The Devil’s Double (review)
Prince for Uday
Hoorah! Time to start mythologizing the reign of Saddam Hussein! I didn’t realize it was time, but obviously this is the case, because, look: The Devil’s Double has arrived. Whoa, that Uday Hussein was a psycho, huh? But he knew how to party, amirite? Man, it was like Scarface in the desert over there, a real Baghdad and Gomorrah. Cocaine, guns, designer suits, sportscars, Rolexes, nearly naked women lounging around the pool, torture on demand… the fun never ended, it seems. Woo-hoo!
If you’ve been waiting to see the excesses and bone-deep corruption of Baghdad under Saddam Hussein done up gold-plated, Jersey Shore-tacky style, wait no more. It’s all about Uday here, the insane son of Saddam Hussein, but never fear: you won’t be asked to truly appreciate the nightmare, just revel in it. Director Lee Tamahori plays Uday’s sadism less like the horror show that it surely was and more like the larks of a spoiled rich kid that just go a bit too far — rumor has it that the film downgrades Uday’s psychopathy, which can surely have been only to make it more “entertaining.” It wouldn’t do to have us truly sickened when there’s some good old-fashioned debauchery to drink in. Tamahori could have made a hard, uncompromising little film about people, like his first feature, New Zealand’s Once Were Warriors. Instead, he made a slick, lurid glamorization of psychopathy that more closely mirrors his Hollywood work, like XXX: State of the Union and Next.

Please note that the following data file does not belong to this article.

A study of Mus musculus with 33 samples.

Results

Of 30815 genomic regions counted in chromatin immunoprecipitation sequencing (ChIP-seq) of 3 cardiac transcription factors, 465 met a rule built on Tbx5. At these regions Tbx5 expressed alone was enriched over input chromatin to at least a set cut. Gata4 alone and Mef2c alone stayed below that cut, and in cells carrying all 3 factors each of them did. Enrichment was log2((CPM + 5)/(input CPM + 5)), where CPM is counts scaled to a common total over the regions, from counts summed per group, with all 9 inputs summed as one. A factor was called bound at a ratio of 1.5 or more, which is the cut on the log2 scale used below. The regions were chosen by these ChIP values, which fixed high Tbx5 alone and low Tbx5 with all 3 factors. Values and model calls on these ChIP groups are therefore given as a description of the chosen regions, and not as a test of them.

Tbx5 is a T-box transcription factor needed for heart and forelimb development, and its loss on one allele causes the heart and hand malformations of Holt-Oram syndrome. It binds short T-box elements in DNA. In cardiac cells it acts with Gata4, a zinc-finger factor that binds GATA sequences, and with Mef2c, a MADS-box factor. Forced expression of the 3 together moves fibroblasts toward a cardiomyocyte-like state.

The only reason to see this pointless flick — and it is a very good reason indeed — is for Dominic Cooper (Captain America: The First Avenger, An Education), who is absolutely astonishing in dual roles as Uday and Latif Yahia, a poor, kind soldier who is drafted to be Uday’s double, for security purposes. (The film is based on the book by the real Yahia [Amazon U.S.] [Amazon Canada] [Amazon U.K.], though it’s questionable how verifiable much of what he has to say is; the porno-esque interlude Latif enjoys with Uday’s main squeeze [Ludivine Sagnier: Peter Pan, Ma femme est une actrice] does lead one to wonder how much of his insider look is fantasy.) I haven’t taken much notice of Cooper before, but I’m hugely impressed with the talent and versatility he displays here — I realize now he simply hasn’t had the chance to stand out like this before. He so transforms himself from one role to the other that he manages to look completely different, despite the fact that he is meant to be portraying two men so similar that they can pass for each other. The warmth and humanity in Latif’s eyes and in his body language is a startling contrast to the soulless ice of Uday.
Cooper’s performances are a marvel of screen acting, particularly when he’s playing against himself thanks to FX magic — he’s downright thrilling to watch. It’s genuinely a shame that the rest of the film is so cheap and tawdry that it overshadows even this marvelous work.